Imagining a Chinese game console

Now that game consoles are officially legal in China, everyone is talking about what that could mean for the big console makers Sony, Microsoft, and Nintendo. But there’s another question worth asking: what does it mean for domestic companies who will now be free to make game consoles for the domestic market? What kind of console would they make?

Who could really make a console?

To begin with, I think there are only a few companies with the financial strength to begin such an expensive and risky project. There’s really no one who’s perfectly positioned to put a console together, but here are a few candidates:

  • Tencent: One of China’s biggest game developers and publishers, Tencent can draw strength from its other areas of business, especially its dominance of China’s social web with chat app WeChat. But the company doesn’t have much of a history with hardware.
  • Lenovo: The Chinese computer giant has money to burn and a history of making solid hardware. And it has showed interest in the Chinese game console market before, initially been a major investor in Eedoo, the company behind the iSec/CT-510. But that investment doesn’t seem to have worked out very well, and it’s possible the development issues and the lukewarm reception the CT-510 ultimately got has convinced Lenovo that it doesn’t want to get into this market.
  • Netease: Another major game publisher that has business in other arenas as well and might be able to take on the risk of a large-scale hardware project like this. But Netease doesn’t have much of a history with hardware either.

Of course, there are always dark horses, too. Baidu and Qihoo both have the money and the history of expanding into new market areas, even if neither had much of a pedigree in gaming or hardware. And it’s also possible a lesser-known startup like Eedoo or a smaller company like Xiaomi could raise additional funding to take that plunge if they consider it a lucrative market (but that seems rather unlikely).

chinese-game-console

What would it look like?

Any console maker designing specifically for the Chinese market faces a number of problems. First and foremost: Chinese gamers don’t like paying for things up front. The free-to-play model may be catching on globally, but it’s virtually a necessity in Chinese gaming at this point, and any system that can’t support that approach to monetization is probably dead on arrival. It will also probably need to be more friendly to MMORPGs than the current console offerings are, as that’s China’s favorite game genre. (And good support for RTS and MOBA games wouldn’t hurt, either!).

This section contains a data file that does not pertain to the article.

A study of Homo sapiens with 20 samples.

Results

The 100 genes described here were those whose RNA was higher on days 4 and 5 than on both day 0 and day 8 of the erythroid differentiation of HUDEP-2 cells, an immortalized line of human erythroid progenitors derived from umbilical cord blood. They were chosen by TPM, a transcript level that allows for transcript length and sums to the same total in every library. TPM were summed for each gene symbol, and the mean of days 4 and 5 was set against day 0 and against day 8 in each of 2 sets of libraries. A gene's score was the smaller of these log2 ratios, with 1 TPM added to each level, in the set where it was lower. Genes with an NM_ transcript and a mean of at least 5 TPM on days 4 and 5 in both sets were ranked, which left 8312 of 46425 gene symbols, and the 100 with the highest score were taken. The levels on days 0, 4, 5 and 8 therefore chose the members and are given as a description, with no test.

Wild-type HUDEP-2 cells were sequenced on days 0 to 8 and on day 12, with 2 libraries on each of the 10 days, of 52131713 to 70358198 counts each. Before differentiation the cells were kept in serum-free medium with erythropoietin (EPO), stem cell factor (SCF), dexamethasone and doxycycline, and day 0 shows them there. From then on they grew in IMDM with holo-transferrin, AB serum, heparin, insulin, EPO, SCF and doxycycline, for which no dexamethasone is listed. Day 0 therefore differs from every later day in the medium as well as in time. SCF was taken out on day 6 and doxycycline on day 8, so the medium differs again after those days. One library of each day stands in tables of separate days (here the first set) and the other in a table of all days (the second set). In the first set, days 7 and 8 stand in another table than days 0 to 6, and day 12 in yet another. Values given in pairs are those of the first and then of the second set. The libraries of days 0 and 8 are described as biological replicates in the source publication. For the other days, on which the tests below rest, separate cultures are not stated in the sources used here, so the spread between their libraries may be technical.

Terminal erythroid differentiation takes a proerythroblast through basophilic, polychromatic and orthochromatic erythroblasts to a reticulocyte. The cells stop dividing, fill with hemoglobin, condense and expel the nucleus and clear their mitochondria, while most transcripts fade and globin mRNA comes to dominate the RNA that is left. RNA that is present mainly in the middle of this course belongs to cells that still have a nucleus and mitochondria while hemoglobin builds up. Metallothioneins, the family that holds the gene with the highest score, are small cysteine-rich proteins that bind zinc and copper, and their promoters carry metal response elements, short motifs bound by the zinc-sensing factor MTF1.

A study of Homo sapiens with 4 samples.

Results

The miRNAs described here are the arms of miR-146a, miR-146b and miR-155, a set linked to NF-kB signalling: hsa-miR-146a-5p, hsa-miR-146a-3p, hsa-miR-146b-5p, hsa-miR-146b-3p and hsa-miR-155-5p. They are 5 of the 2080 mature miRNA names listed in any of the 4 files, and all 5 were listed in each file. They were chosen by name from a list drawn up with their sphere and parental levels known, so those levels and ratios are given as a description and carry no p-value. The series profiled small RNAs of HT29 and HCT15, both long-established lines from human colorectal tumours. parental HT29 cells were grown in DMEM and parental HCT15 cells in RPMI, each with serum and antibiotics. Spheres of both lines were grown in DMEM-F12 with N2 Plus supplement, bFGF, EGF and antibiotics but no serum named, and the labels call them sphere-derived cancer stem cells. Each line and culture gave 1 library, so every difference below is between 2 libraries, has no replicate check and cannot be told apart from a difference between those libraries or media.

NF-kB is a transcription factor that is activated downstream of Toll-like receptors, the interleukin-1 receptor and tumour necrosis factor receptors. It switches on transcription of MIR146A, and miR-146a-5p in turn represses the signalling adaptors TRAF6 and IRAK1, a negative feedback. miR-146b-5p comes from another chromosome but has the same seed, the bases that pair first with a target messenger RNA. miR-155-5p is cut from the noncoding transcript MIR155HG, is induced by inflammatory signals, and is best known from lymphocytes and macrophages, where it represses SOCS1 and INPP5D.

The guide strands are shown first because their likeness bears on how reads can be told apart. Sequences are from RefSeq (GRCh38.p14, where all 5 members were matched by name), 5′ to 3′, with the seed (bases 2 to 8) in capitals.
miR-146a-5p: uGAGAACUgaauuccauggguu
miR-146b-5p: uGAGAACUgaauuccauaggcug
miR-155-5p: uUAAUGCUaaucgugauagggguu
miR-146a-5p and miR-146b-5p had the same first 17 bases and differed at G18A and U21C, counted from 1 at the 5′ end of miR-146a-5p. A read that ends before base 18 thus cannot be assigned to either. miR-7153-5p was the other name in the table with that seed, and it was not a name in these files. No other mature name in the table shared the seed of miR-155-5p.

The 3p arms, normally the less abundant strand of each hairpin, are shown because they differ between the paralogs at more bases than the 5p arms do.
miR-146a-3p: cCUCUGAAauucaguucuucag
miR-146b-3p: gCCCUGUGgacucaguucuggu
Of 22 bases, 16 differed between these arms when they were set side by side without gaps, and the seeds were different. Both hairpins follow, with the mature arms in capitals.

To be successful on a broad scale in China, here are some features I think a domestic console would need:

  • Low price point: No one can afford to give consoles away for free, but the failure of the $600 CT-510 shows that by and large, Chinese gamers aren’t going to pony up that kind of cash for a new domestically-produced console. For smartphones, 2,000 RMB (about $320) seems to be the magic number, and that’s probably an attainable target given a domestic console focused on Chinese games likely wouldn’t need the sort of graphical firepower the PS4 and the Xbox One are sporting.
  • MMORPG-friendly controls: No one wants to use a mouse and keyboard from their couch, but these games (as well as MOBA and RTS games, also popular in China) are really best controlled that way. So any Chinese console would ideally either find a way to make mouse-and-keyboard work from the couch, or replace them with an innovative new controller of some kind (perhaps something like Valve’s Steam Controller if that ultimately proves viable).
  • F2P/freemium monetization support: The console’s whole approach to game monetization would have to be different, because most Chinese gamers aren’t going to pay $60 apiece upfront for new games. Instead, the system would have to support free-to-play games that could be downloaded from the web, and the variety of payment systems that approach often entails. Whatever company was behind it would also have to find a way to make those numbers add up, since console markers don’t generally generate huge profits from the sale of the devices themselves.
  • All the Chinese social and web apps: Because Chinese gamers love chatting, video-chatting, streaming movies, and online shopping as much as anyone, a truly appealing console is going to need to feature apps that allow users to do that stuff on their TVs too. That means a webcam of some kind, and partnerships with all the major companies involved: Youku for video, Alibaba for e-commerce, Tencent and Sina for social, etc.
  • Brand appeal: Chinese gamers already have great ways to play their games, and with global console makers invited to the party, a Chinese game console is going to need more than just good features to stand out. If whatever company makes the console can ramp up the hype train the way Xiaomi (for example) was able to, then it’ll start turning some heads and Chinese gamers will be interested. Without good branding, though, I suspect even a well-designed domestic console is doomed to stay in the shadows of the global imports backed by multimillion-dollar marketing campaigns.

In short, anyone attempting to create game console for China is facing a pretty difficult road. And with the advent of Steam Machines, such a machine would likely be facing even more entrenched competition by the time it finally released. China’s gamers don’t seem too excited about the prospect; in a recent web poll on 17173, only 12 percent of the 900-plus respondents said they were optimistic about China being able to produce a good domestic game console.

Still, I’d love to see someone give it a shot — the world could use a Chinese gaming console.

This article was first published on Games in Asia.